MEMPHIS, Tenn. — Have you seen the Mississippi River in the Quad Cities lately? While it may look a little low, it's nothing compared to what other areas of the country are seeing, especially to the south of the Quad Cities. Take Memphis, Tennesee for example, which recently recorded the lowest water level on the Mississippi River on record.
In a recent Ask Andrew, I explained why river levels have gotten so low in the last several weeks. In summary, widespread drought is impacting more than 80% of the United States. A whopping 36% of the country is in severe drought. Because the drought is so expansive, it is impacting several tributary rivers that feed into the Mississippi, resulting in a lack of new water entering the river and hence, the record low levels.
Even though we aren't seeing massive sandbars and shipwrecks unearthing themselves here closer to home, we are still feeling the impacts of these low water levels.
Join me as we travel downstream to Memphis, Tennesee where we'll explore the impact these record low water levels are having on everything from the price we pay at the grocery store to book your next river cruise. Each day we'll be exploring a new impact and not all of the impacts are bad. Tourism is also increasing as people venture down to check out the exposed floor of the river in these same areas!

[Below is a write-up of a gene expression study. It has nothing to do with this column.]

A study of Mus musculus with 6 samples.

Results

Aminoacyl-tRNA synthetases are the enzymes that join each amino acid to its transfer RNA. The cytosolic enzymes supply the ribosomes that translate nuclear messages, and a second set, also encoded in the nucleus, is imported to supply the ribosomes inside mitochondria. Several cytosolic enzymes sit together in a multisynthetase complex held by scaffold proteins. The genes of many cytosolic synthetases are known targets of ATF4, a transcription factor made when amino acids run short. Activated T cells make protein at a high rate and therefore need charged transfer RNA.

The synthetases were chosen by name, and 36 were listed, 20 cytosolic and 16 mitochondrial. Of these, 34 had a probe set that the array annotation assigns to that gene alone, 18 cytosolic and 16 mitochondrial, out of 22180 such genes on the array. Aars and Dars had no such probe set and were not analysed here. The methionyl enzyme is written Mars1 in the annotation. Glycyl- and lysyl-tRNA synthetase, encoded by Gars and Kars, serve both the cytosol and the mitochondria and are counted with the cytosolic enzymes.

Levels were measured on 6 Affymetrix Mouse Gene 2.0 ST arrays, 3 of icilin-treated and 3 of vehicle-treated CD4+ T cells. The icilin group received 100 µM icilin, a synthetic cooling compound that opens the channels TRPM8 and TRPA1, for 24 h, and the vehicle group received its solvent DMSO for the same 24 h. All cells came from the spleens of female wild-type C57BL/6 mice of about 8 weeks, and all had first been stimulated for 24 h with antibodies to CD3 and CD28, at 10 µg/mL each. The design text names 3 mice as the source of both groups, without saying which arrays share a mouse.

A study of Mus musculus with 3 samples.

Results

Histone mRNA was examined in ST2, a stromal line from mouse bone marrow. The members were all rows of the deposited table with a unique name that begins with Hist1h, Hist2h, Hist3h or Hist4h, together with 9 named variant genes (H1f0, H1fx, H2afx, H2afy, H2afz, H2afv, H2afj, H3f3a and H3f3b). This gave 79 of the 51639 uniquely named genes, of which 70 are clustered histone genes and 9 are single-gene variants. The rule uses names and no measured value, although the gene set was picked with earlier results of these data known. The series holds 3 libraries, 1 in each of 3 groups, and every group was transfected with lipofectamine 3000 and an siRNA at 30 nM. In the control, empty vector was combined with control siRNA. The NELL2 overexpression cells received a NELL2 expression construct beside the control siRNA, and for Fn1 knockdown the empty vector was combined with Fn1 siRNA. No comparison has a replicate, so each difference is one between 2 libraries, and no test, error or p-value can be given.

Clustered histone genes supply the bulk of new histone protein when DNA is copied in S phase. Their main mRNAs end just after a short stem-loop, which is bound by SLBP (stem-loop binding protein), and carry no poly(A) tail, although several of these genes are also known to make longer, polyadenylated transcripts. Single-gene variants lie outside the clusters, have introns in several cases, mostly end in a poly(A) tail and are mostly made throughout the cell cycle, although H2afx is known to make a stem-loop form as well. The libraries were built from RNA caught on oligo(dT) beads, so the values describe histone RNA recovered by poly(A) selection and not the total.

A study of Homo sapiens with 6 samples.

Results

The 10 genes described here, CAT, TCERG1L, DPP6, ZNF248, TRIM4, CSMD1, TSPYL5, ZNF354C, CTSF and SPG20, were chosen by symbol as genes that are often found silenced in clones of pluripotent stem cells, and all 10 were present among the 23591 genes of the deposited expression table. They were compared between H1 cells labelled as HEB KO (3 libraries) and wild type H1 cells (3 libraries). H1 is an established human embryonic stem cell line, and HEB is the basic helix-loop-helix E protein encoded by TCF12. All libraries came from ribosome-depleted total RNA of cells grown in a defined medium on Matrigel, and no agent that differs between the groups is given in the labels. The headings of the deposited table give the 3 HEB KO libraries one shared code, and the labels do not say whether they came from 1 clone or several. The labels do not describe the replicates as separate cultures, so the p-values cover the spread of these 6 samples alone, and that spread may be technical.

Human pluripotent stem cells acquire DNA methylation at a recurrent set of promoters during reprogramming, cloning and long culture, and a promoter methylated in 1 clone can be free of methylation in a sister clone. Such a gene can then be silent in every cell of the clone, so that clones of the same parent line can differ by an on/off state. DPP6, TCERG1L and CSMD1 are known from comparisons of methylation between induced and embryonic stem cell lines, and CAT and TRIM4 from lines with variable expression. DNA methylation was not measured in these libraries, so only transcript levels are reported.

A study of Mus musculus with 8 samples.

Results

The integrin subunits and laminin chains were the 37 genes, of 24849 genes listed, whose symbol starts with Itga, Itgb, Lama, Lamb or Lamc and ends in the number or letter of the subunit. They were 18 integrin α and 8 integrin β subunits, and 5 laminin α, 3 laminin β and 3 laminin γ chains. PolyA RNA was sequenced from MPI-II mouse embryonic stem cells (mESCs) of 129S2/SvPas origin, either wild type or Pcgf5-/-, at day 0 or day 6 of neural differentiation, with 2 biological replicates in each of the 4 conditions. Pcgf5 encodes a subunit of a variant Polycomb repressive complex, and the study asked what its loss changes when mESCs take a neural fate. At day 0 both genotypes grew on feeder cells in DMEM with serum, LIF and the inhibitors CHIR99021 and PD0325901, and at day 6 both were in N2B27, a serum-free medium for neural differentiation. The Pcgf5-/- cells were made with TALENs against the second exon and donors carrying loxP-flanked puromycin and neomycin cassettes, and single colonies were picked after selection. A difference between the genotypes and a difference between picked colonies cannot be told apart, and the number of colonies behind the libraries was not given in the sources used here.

Wednesday, Nov. 2
Our plans include a stop at Tower Rock in Brazeau Township, Missouri. This rock formation is typically not accessible by foot, but due to the severe drought and low water levels, you can now get to it by walking across the dry riverbed.
Tower Rock - Brazeau Township, Perry County, Missouri
We spoke to a few tourists who were visiting from the region to get their perspective on just how impressive the scene is at the nature preserve. You can view our story, here.
Thursday, Nov. 3
We'll be LIVE on Good Morning Quad Cities beginning at 6 a.m. overlooking a dramatic view of the low water levels underneath the Interstate 40 bridge next to downtown Memphis, Tennessee.
Later on, we'll be capturing drone videos and talking to local people to see how the low water level is impacting their daily life. We'll also be live on Good Morning Quad Cities at 11.
Friday, Nov. 4
We'll be LIVE on Good Morning Quad Cities beginning at 6 a.m. this time featuring the historic Diamond Lady riverboat which is now fully exposed thanks to the low water levels.
Built 30+ years ago, this ship officially launched modern gambling, including here in the Quad Cities on April 1, 1991. The abandoned boat was left in the backwaters of the Mississippi River in 2008 where it now sits in decay. You can read more about the history, here.